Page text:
Turbulent Beginnings

There is a long tradition of non-conformism in the UK and its followers went through turbulent and difficult times. Religious persecution continued for many years and things came to a head in the mid17th century, after which Nonconformist congregations were finally allowed to worship legally. The Nonconformist name can be applied to any church that is not a member of the Church of England, but in practice usually refers to Protestants including Baptists, Congregationalists, Primitive Methodists, Wesleyan Methodists, Quakers, Unitarians, and the Salvation Army.

At the time of the Reformation both Charles II and the Church of England were anxious to establish their authority and five Acts were Passed in Parliament to control the growth of non-conformism.

1. The Corporation Act of 1661 prohibited any Nonconformist from holding office in any municipal corporation.

2. The Act of Uniformity of 1662 required all ministers to be re-ordained if not already ordained by a bishop, and declare their loyalty to the Book of Common Prayer. This resulted in 2,000, or about one fifth of the ministers being expelled from the church. Many however continued to hold services outside the church.

3. The Conventicle Act of 1664 which forbade any religious meeting to take place that was not in accordance with the practices of the Church of England, at which more than 4 persons were present in addition to the household. Families were still allowed to worship privately within their own home. The penalty for not following the Act ranged from a 5 shilling fine, a great deal of money at the time, to transportation to the colonies. Transportation was a terrible sentence which forced the prisoner to work as a slave, often on sugar plantations in such places as the Barbados or the West Indies. Samuel Pepys mentions some of them in his diaries: "I met some of these worshippers on their way to the inevitable sentence; they go like lambs, without any resistance. I wish to God they would reform, or be more wise and not be caught".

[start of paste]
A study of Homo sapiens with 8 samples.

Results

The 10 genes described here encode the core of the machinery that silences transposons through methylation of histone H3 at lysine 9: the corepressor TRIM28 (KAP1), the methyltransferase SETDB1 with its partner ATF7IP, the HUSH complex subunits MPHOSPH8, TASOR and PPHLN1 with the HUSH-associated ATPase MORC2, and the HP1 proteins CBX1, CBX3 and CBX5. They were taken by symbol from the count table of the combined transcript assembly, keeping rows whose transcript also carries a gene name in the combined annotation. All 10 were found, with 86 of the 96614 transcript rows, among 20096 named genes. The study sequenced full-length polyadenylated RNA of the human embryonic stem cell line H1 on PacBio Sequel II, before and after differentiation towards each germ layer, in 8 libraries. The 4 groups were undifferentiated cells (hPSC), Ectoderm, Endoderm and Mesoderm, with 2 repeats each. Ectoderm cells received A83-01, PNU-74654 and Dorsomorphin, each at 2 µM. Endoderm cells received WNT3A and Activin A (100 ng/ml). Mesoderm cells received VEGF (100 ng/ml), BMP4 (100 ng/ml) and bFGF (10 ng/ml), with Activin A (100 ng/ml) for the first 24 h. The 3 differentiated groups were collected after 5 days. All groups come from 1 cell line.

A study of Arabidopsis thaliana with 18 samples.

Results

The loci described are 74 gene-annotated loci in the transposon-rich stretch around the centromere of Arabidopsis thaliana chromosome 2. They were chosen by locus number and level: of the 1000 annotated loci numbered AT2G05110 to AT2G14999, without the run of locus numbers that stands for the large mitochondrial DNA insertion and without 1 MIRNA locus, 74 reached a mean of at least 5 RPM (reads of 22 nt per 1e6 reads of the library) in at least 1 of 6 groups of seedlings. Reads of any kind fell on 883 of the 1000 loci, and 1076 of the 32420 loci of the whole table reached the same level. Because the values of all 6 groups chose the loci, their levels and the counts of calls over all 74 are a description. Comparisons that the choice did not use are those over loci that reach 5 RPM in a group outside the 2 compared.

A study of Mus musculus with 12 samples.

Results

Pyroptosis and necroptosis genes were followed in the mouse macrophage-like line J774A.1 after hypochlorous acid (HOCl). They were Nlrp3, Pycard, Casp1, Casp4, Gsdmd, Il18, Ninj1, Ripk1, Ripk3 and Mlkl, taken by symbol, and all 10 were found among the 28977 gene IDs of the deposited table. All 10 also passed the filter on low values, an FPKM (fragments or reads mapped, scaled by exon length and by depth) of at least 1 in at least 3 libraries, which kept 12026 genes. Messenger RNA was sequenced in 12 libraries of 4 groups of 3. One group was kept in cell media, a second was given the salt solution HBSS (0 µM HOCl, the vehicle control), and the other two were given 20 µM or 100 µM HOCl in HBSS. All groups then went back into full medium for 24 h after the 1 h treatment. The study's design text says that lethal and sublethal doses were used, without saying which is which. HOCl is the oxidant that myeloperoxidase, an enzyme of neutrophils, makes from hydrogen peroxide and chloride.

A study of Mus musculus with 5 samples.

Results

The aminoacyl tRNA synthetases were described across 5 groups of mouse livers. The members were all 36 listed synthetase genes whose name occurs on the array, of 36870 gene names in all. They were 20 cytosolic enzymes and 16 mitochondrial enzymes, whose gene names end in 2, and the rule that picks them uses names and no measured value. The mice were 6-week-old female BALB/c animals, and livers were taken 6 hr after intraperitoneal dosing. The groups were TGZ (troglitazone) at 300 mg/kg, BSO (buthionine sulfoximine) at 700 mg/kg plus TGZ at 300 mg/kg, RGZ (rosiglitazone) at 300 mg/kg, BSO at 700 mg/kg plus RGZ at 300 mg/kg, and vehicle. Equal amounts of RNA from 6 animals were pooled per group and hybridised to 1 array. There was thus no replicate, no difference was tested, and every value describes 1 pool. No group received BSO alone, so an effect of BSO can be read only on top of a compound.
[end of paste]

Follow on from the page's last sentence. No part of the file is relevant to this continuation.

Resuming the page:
4. The Five Mile Act was Passed in 1665 which forbade all preachers and religious teachers who refused the oaths to come within five miles of any town or place where they had previously practiced. This resulted in ministers preaching secretly in the remoter parts of the country and travelling great distances to do so. They often worshipped in tiny holes or corners chanting the Psalms and observing the ordinance of the Lord's Supper together. The minister would sometimes be in disguise but the singing attracted informers and had to be given up. As a result many Nonconformists were imprisoned.

5. The Test Act of 1673 prohibited Nonconformists from holding any civil or military post unless they had taken communion in a parish church.

The strict laws remained in place until 1689 when the Toleration Act was passed, mainly thanks to the new monarchy.

Wolverhampton's main Catholic Church is St. Peter & St. Paul at Giffard House. Inside the house was a secret chapel that was necessary because the Toleration Act didn't include Catholicism.

Bishop Milner, the occupant for many years, was at the forefront of the fight for Catholic emancipation.

Charles II died in 1685 and his brother James became king. James II attempted to promote Roman Catholicism and appointed loyal Roman Catholic officers in the armed forces and in senior political positions, after dismissing anyone who refused to support the withdrawal of laws penalising religious dissidents. He also attempted to rule without Parliament after dissolving it, and when he became a father it seemed as though a Roman Catholic dynasty would be established. This led to much dissent and eventually to James' downfall.

Due to the unrest and lack of support for James, William of Orange, James's son-in-law, landed at Torbay with an army in November, 1688 to lay claim to the throne. The Protestant Members of Parliament and the armed forces rallied around him, and James panicked and fled the country.

William and Mary came to the throne in 1689 and finally the end was in sight for religious persecution in England. In that year the Bill of Rights Act was passed which prevented the monarch claiming that his or her power came from God, so removing the concept of divine right. It also made kings and queens subject to Acts of Parliament. The Toleration Act was also Passed to promote religious toleration. It gave all nonconformists except Roman Catholics the freedom of worship and rewarded the Protestant dissenters for their refusal to side with James II. Under the terms of the Act, Nonconformist congregations were able to worship freely in their own meeting houses, provided they were registered with either civil or diocesan authorities and within 30 years over 4,000 were in use.